Don’t get peer-pressured into playing the wrong tees

Playing the right tees is something you should do.

(Getty Images)

Playing the right tees is an important part of golf. You’ll have more fun playing the course from a yardage best suited to your ability, and it’ll also help you play faster — which means your fellow golfers on the course will enjoy themselves more, too. But sometimes, teeing up in the best spot can be hard, especially when your playing partners are pressuring you into playing with them further back. Enter GOLF’s resident mid-handicaps, who are here to offer some helpful advice, golfer-to-golfer.

1. Stop taking it too seriously

Tim Reilly (11.4 handicap): Simply put, I just don’t play tees I’m not comfortable with. It’s that easy for me. If I see 7,000+ yards and that’s where my low-handicap friends want to play from, great, good for them. I just won’t be joining them.

This isn’t professional golf. We’re out here to have fun in our free time. Golf can be frustrating enough as is. Don’t make the game harder for you than it has to be. Find a yardage range you’re comfortable with and stick with it.

Don’t give those first hole tee box jokes any attention. Once you show they won’t get into your head they’ll stop real quick.

2. Stretch, but don’t break

Josh Berhow (17.1 handicap): I’m always honest. There’s no shame in being truthful about your game. I’d much rather play 6,400 over 6,700, and have no problem telling the group that. But I’ve never felt pressured into playing a set of tees I wasn’t comfortable with.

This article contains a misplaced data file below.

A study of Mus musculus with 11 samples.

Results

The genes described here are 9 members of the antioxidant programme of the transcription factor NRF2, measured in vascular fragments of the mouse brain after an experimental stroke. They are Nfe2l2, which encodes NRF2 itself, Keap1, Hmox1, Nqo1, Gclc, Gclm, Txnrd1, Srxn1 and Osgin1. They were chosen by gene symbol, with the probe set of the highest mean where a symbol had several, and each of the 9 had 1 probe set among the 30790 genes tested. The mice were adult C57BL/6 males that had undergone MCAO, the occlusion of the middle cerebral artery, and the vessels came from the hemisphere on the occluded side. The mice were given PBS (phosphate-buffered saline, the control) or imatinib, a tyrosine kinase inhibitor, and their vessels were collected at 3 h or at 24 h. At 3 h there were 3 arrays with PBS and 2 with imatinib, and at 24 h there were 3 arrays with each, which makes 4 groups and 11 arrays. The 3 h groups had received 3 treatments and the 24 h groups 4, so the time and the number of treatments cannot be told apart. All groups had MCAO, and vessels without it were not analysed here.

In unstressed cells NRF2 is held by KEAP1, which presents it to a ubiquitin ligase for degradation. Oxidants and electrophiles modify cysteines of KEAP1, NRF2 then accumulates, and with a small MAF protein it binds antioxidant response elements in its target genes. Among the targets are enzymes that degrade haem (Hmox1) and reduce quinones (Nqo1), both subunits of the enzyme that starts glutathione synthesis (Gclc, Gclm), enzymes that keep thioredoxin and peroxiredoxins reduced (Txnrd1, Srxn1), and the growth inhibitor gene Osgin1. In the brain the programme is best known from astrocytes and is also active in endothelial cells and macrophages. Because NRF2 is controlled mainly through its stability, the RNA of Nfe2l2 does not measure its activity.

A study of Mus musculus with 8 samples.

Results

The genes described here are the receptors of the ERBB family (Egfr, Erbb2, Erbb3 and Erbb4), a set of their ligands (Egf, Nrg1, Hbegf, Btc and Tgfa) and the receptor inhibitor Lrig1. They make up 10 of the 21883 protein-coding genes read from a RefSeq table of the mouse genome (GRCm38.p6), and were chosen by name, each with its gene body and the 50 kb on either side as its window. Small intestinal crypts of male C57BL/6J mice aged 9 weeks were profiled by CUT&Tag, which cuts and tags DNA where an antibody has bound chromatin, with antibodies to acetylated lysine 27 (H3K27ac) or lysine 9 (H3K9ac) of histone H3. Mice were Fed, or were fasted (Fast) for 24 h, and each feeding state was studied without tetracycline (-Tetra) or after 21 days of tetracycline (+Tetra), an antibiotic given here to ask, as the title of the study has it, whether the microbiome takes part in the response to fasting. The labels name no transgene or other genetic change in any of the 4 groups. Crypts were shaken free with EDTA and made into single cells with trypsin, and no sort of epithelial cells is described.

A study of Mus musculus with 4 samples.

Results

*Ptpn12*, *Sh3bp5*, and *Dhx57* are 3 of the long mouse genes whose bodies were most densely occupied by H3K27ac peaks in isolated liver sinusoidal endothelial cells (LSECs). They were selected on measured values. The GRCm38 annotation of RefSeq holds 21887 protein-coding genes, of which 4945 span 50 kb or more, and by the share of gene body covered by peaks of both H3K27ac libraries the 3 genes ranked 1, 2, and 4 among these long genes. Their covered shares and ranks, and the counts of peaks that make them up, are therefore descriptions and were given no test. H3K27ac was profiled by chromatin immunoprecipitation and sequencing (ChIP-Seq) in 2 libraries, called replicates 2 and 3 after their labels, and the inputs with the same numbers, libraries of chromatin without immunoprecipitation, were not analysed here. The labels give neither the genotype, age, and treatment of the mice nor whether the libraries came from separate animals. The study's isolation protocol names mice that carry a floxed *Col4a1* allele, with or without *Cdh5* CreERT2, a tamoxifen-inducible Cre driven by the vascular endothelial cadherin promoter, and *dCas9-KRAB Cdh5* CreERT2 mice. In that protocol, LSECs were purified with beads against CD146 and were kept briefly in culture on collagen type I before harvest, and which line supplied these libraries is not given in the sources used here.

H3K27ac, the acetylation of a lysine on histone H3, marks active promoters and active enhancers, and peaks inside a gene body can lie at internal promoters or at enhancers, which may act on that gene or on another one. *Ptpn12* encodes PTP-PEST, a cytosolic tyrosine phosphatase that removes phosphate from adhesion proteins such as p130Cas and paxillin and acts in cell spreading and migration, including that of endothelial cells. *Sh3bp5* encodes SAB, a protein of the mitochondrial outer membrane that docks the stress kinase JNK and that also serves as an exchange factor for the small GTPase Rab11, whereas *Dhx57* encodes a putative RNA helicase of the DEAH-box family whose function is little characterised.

Sure, I’ve played tees that definitely stretch my game in order to stick with my group, but it’s never been a ridiculous distance, and if it were, like the tips at Erin Hills or something, I’d have no problem heading a tee or two up. Golf is camaraderie and of course you want to stick with your group, but it’s also four-plus hours and sometimes expensive. It’s supposed to be fun. Don’t dampen what should be a nice day at the links because you were too afraid to speak up and play in a way that would maximize the fun for you.

3. Make a self-deprecating joke

James Colgan (17.2 handicap): “Hey guys, I don’t know about you, but I actually want to enjoy the next four hours. I’m going to play from the whites today for both my sanity and yours.”

It’s quick, honest, self-deprecating and not at all inappropriate. Sure, you might get poked fun at, but if you didn’t want that to happen, you probably should’ve spent some more time on the range.

Tim Reilly

Golf.com Photographer

Reilly is GOLF’s social-media editor. In September 2017, he took over the reins to the brand’s Twitter, Facebook and Instagram pages. He manages GOLF’s short- and long-term social strategy and produces social video content. Beyond the social space, he contributes to GOLF.com and GOLF Magazine as a writer. His ranking of the best golf scenes in Seinfeld is his magnum opus.

Josh_Berhow_webheadshot.jpg

Golf.com Editor

Berhow is the managing editor at GOLF.com, the site’s primary homepage editor and the edit team’s on-site lead during major-tournament weeks. He plans the site’s daily coverage, marquee story placement and long-term content rollout for magazine pieces and special projects. He writes for both the website and magazine, edits and assigns stories. Berhow also contributes to podcasts and appears on camera for a variety of digital programming. The Minnesota native attended Minnesota State in Mankato.